Priest Abuse Called Root of Brothers' Woes
Psychologists Say Social Troubles, Substance Abuse Stemmed from Boyhood Incidents
By Henry K. Lee
San Francisco Chronicle [Hayward CA]
March 31, 2005
The drug and alcohol problems and anxiety that have plagued two former altar boys are in large part the result of the brothers' being victimized as children by a sexually abusive priest, two clinical psychologists testified Wednesday in the civil case against the Oakland Diocese.
Tom Thatcher, 33, suffered from "social phobia" and a methamphetamine addiction after the Rev. Robert Ponciroli abused him in the early 1980s at St. Ignatius Catholic Church in Antioch, psychologist Thomas Joiner of Tallahassee, Fla., told a Hayward jury.
Thatcher's troubles emerged when he hit puberty, becoming confused in sexual and social situations, Joiner said. Memories of the abuse were "like a time bomb in his head that really exploded in adolescence," Joiner testified.
Thatcher's brother, Bob, 34, meanwhile, developed generalized anxiety disorder, abused alcohol, had intimacy issues with his wife and was overcome with guilt that both he and his brother had fallen victim to Ponciroli, psychologist Janet Sonne told jurors.
The testimony came on the third day of trial in the courtroom of Alameda County Superior Court Judge Harry Sheppard.
The Thatcher brothers allege that the diocese had known as early as 1975 from church memos that Ponciroli had a predilection toward acting inappropriately with young boys and was a danger to children, but did nothing about it.
Church attorneys have admitted that the Oakland Diocese, which encompasses Alameda and Contra Costa counties, was negligent in its supervision of Ponciroli and could be liable for compensatory -- but not punitive -- damages.
The outcome of the trial could influence the collective settlement of what is known as Clergy III, more than 150 similar lawsuits filed against Catholic dioceses across Northern California.
Bob Thatcher has accused Ponciroli of touching him inappropriately on two occasions after being summoned to the priest's bedroom and once while they were in a car.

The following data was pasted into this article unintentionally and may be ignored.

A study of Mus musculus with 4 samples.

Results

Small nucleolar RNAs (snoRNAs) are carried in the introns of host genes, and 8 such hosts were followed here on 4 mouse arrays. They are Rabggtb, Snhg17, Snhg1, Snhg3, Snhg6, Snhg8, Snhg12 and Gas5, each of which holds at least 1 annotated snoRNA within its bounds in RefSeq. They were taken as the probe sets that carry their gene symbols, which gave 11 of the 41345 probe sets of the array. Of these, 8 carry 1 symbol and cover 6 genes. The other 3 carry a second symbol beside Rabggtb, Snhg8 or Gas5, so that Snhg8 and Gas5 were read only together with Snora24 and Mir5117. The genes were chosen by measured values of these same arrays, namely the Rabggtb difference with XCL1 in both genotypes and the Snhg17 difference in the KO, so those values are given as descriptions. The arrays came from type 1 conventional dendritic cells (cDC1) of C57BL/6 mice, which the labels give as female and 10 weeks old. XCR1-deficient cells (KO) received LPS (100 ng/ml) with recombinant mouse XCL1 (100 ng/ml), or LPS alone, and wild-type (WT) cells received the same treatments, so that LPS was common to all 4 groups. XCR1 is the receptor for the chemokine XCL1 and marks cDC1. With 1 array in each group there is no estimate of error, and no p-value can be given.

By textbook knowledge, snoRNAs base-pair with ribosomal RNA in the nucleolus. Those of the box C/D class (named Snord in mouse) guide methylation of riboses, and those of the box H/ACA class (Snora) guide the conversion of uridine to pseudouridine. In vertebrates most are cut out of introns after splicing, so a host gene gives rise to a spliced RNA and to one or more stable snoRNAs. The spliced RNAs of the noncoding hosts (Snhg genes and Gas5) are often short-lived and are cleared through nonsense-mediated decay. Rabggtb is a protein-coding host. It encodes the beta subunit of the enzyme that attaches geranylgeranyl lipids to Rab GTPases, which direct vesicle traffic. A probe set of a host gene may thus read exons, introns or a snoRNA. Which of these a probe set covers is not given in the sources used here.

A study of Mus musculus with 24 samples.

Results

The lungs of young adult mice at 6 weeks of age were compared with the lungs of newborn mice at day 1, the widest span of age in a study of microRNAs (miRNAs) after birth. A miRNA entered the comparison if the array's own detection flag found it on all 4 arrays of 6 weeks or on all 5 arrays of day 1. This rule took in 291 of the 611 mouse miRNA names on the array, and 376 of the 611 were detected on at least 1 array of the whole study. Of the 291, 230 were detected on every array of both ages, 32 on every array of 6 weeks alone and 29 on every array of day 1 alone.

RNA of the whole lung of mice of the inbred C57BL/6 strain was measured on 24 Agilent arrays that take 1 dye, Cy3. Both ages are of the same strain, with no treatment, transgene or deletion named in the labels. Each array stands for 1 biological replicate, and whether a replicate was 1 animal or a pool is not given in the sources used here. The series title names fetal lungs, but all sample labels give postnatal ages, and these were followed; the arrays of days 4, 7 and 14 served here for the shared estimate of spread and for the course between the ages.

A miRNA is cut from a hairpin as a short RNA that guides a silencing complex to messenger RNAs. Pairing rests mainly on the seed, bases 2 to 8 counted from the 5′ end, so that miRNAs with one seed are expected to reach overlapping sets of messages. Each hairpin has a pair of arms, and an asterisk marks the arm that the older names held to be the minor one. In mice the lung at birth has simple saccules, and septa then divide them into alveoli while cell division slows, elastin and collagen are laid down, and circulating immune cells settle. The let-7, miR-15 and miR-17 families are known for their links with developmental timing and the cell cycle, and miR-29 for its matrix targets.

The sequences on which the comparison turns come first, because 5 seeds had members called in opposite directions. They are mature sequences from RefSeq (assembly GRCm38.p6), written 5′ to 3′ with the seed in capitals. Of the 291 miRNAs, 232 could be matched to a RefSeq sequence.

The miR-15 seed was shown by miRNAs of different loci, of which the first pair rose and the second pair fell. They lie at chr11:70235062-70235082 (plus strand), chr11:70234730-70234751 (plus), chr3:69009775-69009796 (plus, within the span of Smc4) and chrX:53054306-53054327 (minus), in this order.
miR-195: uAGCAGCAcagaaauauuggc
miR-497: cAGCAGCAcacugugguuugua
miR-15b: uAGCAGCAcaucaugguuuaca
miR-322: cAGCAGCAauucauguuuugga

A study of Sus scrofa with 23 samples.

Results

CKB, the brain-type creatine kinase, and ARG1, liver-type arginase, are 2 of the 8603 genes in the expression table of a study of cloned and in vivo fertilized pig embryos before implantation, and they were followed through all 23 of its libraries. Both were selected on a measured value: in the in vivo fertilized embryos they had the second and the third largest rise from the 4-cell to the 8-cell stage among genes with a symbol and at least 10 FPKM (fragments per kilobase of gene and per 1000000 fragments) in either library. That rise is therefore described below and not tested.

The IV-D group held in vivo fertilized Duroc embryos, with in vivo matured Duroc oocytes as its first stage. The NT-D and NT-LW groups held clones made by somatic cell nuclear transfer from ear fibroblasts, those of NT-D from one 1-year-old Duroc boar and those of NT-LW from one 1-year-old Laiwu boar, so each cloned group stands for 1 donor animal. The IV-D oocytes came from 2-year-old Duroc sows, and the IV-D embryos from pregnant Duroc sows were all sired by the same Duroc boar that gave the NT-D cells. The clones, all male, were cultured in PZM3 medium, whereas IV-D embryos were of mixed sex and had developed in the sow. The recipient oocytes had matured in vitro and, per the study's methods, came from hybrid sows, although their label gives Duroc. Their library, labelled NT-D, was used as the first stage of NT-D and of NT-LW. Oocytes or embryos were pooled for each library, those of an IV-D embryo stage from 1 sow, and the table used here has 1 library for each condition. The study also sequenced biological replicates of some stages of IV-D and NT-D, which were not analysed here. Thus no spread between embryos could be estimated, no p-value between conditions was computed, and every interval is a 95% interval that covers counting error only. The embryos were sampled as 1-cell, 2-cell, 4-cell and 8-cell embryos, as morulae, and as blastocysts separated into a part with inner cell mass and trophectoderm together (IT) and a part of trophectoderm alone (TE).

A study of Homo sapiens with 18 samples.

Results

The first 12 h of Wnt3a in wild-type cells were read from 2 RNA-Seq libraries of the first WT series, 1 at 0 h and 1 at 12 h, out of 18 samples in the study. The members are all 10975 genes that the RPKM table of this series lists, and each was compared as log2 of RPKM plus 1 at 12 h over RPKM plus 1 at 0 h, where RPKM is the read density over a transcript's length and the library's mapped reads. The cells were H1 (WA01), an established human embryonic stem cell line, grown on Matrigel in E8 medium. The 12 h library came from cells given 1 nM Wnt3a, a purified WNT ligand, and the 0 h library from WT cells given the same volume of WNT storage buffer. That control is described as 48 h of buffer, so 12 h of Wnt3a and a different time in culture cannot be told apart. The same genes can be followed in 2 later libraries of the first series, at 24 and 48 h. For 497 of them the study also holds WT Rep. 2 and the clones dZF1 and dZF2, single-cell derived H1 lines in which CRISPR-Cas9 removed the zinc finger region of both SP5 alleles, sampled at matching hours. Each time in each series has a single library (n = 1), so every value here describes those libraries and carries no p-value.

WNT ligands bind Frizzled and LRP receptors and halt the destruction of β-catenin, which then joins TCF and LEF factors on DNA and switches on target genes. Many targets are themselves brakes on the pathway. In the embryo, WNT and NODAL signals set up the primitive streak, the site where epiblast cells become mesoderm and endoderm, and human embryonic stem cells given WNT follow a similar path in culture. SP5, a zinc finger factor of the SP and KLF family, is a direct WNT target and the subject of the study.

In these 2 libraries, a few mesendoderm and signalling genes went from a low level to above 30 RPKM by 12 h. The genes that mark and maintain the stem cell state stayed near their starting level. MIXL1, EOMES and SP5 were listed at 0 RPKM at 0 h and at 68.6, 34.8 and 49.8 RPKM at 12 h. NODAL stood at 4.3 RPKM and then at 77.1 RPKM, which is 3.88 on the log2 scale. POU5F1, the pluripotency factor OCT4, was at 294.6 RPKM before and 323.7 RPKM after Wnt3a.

"Has Bob Thatcher, in your opinion, carried negative feelings of guilt and shame as a result of being abused by Father Ponciroli?" the brothers' attorney, Rick Simons, asked Sonne.
"He felt a tremendous amount of guilt because he let his younger brother go up before him" in a rectory where Ponciroli was waiting, said Sonne, a psychologist in Redlands (San Bernardino County).
"He felt like he was just standing there while other people were being victimized, because he couldn't speak about it," Sonne said.
On cross-examination, church attorney Allen Ruby of San Jose sought to portray the Thatcher brothers as victims of a verbally abusive father. Ruby asked the psychologists whether the brothers' problems as adults also stemmed from their parents' separation.
Sonne said she believed that Ponciroli's actions were directly responsible for Bob Thatcher's anguish. Making matters worse, Bob Thatcher felt he had to keep quiet, especially around church officials.
"He had no way to cope with the stress, and he kept it inside him," Sonne said.
Ruby asked Sonne whether Bob Thatcher had said that he "hated" his father, but Sonne said she didn't believe he had used that word.
Also Wednesday, Berkeley firefighter Marc Mestrovich testified that Ponciroli had molested him after the priest invited the former altar boy to spend a weekend helping him move from Our Lady of Grace Parish in Castro Valley to the Antioch church.
Simons asked Mestrovich whether Ponciroli had touched him in a way that he "found disturbing."
"Yes, he did," Mestrovich replied.
Ruby declined to cross-examination the firefighter. Afterward, Simons embraced Mestrovich, telling him, "That was courageous of you."
Ponciroli, 68, has been removed from public ministry and is not a defendant in the civil case. He faced criminal molestation charges until the U. S. Supreme Court ruled in 2003 that a separate law retroactively extending the statute of limitations in criminal cases was unconstitutional.
The trial, which could last a month, resumes Monday.